Wednesday 22 November 2017

Irish charity accused of financial irregularities delivers 'action plan' to Regulator

Chief Executive of Ataxia Ireland Barbara Flynn (pictured inset)
Chief Executive of Ataxia Ireland Barbara Flynn (pictured inset)
Cathal McMahon

Cathal McMahon

A charity accused of wrongly paying over €84,000 to two former trustees has delivered an action plan to the Charities Regulator.

Ataxia Ireland asked for an extension to its 21-day deadline after an inspectors' report, released in July, highlighted a number of issues that needed to be addressed by the board.

Independent.ie has learned that the charity delivered this action plan to the Charities Regulator last Friday, September 1.

A spokesman for the Regulator said: "This plan is now being considered by the Charities Regulator to decide if the plan adequately addresses the inspectors’ recommendations."

In July it was revealed that Ataxia Ireland paid the €84,009 to two former trustees Clare and Tim Creedon who founded the charity in 1980 and are the parents of current CEO Barbara Flynn.

Friedreich's Ataxia is a brain condition which affects co-ordination, balance and speech. In severe cases, ataxia can be fatal in childhood or early adulthood.

Ataxia Ireland logo
Ataxia Ireland logo

The charity had weak internal financial controls and Ms Flynn’s pension contribution of €38,500 was paid from funds rather than deducted from her salary.

The Charities Regulator report also revealed that annual credit card spending of €10,030 at the charity included purchases of alcohol supermarket food, vouchers and payment of mobile phone bills.

The Charities Regulator John Farrelly wrote to the trustees requiring the implementation of a series of corrective actions, identified by the inspectors following their investigation.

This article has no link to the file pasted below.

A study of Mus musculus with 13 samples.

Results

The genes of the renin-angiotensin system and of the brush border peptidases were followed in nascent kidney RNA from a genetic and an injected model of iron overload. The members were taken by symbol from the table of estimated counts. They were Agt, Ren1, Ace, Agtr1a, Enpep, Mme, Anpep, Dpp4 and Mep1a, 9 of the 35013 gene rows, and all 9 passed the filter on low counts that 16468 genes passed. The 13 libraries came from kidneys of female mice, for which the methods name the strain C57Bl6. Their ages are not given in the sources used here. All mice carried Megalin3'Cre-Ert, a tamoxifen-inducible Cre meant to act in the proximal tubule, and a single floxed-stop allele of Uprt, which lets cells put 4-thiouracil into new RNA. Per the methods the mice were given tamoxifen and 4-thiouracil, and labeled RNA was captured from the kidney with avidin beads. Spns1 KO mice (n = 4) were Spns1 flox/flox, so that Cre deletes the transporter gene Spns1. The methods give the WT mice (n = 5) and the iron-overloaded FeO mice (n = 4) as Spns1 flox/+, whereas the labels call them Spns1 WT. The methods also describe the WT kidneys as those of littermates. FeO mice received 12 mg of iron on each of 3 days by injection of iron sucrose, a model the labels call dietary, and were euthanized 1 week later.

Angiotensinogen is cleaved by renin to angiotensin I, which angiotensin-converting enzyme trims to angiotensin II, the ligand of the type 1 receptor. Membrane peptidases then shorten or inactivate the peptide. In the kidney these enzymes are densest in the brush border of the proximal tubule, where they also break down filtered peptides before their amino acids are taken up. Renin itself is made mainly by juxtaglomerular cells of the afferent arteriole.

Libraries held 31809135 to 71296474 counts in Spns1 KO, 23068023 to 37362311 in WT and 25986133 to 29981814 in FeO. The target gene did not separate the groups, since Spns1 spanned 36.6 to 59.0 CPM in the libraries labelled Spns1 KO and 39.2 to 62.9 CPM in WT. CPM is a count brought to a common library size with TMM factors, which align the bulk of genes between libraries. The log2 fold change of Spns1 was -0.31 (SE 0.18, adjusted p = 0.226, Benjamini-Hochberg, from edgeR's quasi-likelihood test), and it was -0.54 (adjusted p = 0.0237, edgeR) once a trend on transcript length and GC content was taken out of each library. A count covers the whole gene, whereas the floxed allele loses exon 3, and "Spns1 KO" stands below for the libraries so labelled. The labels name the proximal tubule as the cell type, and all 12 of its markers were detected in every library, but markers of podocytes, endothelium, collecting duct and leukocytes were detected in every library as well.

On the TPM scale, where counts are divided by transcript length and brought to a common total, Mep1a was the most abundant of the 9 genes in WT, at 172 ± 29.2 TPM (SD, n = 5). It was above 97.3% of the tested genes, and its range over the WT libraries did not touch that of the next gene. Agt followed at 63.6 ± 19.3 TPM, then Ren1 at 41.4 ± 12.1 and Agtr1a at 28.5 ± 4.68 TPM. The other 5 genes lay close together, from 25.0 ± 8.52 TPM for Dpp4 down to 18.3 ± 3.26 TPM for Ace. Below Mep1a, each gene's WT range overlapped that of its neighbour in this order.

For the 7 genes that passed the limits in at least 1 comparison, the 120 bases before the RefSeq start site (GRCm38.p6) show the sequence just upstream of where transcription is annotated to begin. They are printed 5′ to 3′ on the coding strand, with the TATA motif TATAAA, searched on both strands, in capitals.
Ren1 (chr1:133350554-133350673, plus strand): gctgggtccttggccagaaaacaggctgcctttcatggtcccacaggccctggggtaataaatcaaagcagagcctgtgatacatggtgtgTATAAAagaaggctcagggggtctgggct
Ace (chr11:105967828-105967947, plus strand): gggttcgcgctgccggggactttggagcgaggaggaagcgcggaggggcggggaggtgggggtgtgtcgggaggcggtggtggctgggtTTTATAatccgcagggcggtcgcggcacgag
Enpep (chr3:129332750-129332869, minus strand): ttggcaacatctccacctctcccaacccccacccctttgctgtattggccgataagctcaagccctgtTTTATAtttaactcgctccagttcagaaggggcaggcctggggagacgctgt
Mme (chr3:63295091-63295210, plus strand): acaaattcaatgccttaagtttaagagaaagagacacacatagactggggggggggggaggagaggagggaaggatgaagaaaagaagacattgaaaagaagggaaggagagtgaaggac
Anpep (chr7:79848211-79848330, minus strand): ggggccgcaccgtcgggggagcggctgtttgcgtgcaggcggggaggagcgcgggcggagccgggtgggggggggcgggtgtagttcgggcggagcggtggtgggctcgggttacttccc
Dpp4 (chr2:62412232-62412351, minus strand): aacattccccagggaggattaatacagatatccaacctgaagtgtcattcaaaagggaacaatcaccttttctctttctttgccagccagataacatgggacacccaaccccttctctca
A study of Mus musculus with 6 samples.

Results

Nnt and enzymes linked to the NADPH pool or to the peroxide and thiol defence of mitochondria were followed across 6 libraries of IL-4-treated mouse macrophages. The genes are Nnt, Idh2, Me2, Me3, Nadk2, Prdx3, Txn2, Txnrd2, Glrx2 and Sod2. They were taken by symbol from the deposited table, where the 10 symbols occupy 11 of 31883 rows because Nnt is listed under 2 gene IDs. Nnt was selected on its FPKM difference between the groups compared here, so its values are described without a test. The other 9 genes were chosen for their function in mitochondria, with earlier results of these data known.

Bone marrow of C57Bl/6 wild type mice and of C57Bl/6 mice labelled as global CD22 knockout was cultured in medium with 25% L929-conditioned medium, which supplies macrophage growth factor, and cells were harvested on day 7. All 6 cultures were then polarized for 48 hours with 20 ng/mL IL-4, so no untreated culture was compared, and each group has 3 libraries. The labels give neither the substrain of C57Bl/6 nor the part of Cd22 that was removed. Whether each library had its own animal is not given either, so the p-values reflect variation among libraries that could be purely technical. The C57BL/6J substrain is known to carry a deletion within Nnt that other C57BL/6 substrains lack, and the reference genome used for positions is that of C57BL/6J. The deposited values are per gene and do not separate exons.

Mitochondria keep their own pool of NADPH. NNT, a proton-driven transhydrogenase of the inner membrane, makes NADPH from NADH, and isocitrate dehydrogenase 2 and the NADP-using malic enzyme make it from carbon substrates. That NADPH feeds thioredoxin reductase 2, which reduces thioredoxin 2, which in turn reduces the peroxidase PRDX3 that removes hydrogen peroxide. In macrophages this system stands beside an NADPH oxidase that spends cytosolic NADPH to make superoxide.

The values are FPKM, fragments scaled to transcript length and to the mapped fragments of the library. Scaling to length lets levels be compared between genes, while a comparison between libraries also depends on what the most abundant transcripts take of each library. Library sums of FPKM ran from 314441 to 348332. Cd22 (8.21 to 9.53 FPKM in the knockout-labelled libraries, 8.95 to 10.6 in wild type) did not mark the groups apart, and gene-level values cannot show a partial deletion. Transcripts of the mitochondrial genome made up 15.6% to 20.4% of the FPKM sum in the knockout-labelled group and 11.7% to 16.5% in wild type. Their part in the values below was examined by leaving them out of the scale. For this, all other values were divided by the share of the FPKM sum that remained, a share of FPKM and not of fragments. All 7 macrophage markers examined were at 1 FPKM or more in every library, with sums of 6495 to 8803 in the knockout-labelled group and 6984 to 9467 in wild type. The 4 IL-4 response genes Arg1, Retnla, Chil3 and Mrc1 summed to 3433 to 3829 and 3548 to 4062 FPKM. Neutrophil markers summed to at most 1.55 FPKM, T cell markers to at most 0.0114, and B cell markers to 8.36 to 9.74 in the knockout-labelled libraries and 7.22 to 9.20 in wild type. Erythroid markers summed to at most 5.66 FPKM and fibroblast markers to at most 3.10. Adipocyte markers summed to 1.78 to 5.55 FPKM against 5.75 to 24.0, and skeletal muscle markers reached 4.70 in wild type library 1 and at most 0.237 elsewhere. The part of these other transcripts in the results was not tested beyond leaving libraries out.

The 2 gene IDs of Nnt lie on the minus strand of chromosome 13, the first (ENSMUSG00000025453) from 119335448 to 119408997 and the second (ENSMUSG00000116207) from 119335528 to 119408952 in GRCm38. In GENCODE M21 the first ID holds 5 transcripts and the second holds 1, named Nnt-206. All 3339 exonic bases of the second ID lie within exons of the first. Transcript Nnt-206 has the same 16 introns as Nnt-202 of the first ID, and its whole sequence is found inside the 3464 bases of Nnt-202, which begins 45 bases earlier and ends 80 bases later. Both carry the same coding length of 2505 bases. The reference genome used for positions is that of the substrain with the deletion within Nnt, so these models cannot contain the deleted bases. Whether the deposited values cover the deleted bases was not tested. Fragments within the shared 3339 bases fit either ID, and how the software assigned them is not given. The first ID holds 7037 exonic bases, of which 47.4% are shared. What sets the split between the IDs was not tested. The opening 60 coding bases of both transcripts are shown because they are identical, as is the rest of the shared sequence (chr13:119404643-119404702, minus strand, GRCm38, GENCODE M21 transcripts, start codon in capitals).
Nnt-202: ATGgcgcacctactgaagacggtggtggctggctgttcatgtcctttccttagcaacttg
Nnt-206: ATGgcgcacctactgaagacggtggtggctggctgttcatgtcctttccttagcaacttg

The Charities Regulator appointed two inspectors in November 2016 to investigate the affairs of the charity following concerns it received.

In his report Mr Farrelly confirmed that they had written to the charity requiring an action plan.

“If we are not satisfied with the response from the charity trustees we reserve the right to intervene under section 74 of the Charities Act 2009 to ensure the charity is protected.”

Section 74 provides the Charities Regulator with the power to apply to the High Court for a range of measures to protect a charity.

The regulator asked that, in their action plan, Ataxia Ireland address some of the following issues:

  • The regulator wanted the charity trustees to determine if the payments made to the two founding former trustees are recoverable
  • Develop, document and implement suitable procedures for the recruitment of senior roles
  • Implement more formal monitoring and reporting arrangements in respect of the role of the CEO;
  • Agree and implement a formal arrangement with the CEO to recover the overpayment of employee pension contributions.

It is not clear if the action plan forwarded by Ataxia Ireland addresses any or all of the issues highlighted.

Barbara Flynn declined to comment when contacted today and said it was a "matter for the board" of Ataxia Ireland.

Independent.ie has contacted the board for a comment.